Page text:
Parag Prasad is an award-winning business coach and author of the London Business Coaching blog. To read more great articles visit www.londonbusinesscoaching.com or connect with them on Facebook here.
As a business coach, my job is to coach the owners of small businesses on ways to overcome the problems that are holding them back. I’ve worked with a lot of technical founders – brilliant hackers, programmers, and designers. These are exactly the kind of people who like to start businesses. However, I find it difficult to think of a single example of one that hasn’t suffered, to some extent, from the problem I’m going to discuss here. It’s the issue of very talented and intelligent technical people not getting the business side of things. If this sounds at all like you, keep on reading.
A current client of mine and good friend, Paul Lindsell, runs a creative design agency based in East London, where his team design websites and online marketing material. He explains:
“Capsule01 was founded in 1996 by creative and technical professionals, not businessmen. Although we had an entrepreneurial spirit we didn’t really understand the ins and outs of running a business”
The solution to this problem was beautifully explained and popularised in 1986 by Michael E. Gerber in his book The E-Myth Revisited (the ‘E’ stands for entrepreneur). If I could choose one book that every business owner had to read, this would be a very strong contender. I like it that much.
The kind of technical and creative expert that usually founds a business will normally have a certain personality type and mindset. Gerber calls it the Technician mindset: someone who is an expert in their craft; someone who suffers for their art and is most content when doing what they are an expert at. Often they will see themselves as anti-conformists, and build their self-esteem around being the best there is in their particular field of expertise. Every great entrepreneur has this side of their personality, but the problem is… time.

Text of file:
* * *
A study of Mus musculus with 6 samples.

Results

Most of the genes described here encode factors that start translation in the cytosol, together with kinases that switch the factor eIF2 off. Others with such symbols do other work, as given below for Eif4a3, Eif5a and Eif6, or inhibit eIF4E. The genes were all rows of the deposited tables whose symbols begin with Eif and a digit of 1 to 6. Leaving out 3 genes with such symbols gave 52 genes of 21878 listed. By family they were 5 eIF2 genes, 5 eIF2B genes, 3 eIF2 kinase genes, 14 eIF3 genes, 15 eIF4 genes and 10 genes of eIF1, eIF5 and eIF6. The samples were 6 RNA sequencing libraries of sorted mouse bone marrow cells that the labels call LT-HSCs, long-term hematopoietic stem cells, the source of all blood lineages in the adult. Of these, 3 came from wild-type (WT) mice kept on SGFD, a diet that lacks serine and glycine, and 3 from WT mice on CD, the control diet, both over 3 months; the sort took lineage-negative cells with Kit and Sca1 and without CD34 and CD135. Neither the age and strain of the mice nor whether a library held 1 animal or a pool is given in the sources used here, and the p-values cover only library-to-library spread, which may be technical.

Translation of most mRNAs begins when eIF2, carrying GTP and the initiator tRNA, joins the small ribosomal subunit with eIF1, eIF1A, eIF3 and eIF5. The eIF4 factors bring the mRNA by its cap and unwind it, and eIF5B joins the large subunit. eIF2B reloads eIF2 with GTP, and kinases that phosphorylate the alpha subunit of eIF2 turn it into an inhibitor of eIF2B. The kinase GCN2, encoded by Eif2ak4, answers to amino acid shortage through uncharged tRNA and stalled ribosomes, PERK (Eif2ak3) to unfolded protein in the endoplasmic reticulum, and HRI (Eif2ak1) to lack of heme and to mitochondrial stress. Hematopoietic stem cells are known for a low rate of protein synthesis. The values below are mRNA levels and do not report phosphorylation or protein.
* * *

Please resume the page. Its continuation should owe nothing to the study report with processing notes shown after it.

With only 24 hours in a day, there’s only so much building, programming and designing one technical genius can do – no matter how good they are. For a business to grow in size and profitability, the founders’ expertise and time must be leveraged. The way this is done is if the expert invests time in designing systems, manuals, and processes that make it possible for other employees to work at their level. Note: this isn’t how the expert wants to spend their time, it goes against their Technician mindset. To bring this down to a more practical level, here’s an example – I always suggest that founders start off by deciding what roles their company will need as it grows.
Perhaps you can handle marketing on your own, now but, as your business expands, will you need a Marketing Manager? What about a Business Development Manager? What about Sales People? Or Customer Service Staff? When you first start out, you will fill all these roles yourself, but as your company expands, you need to design systems and write manuals that let people with limited technical expertise, product knowledge, and industry knowledge take over these roles. You need to, as Gerber puts it, “replace yourself with a system”. That way, parts of the business start running without you. Give yourself the time to work exclusively ON the business instead of IN the business, and you’re finally an entrepreneur.
I will finish this with another quote from Paul Lindsell, the techie turned entrepreneur that I mentioned at the start…
“We now spend every Thursday routinely working on the business, not in the business. We’ve also now learned and evolved our own sales funnel and process – which is something we didn’t have before. All our numbers are tracked and measured so we always know where we are with things.
Over the last 6 months, we’ve achieved some fantastic results – we’ve had increased profit margins, we’ve now got recruitment processes in place and just generally the whole team has had a real confidence boost.”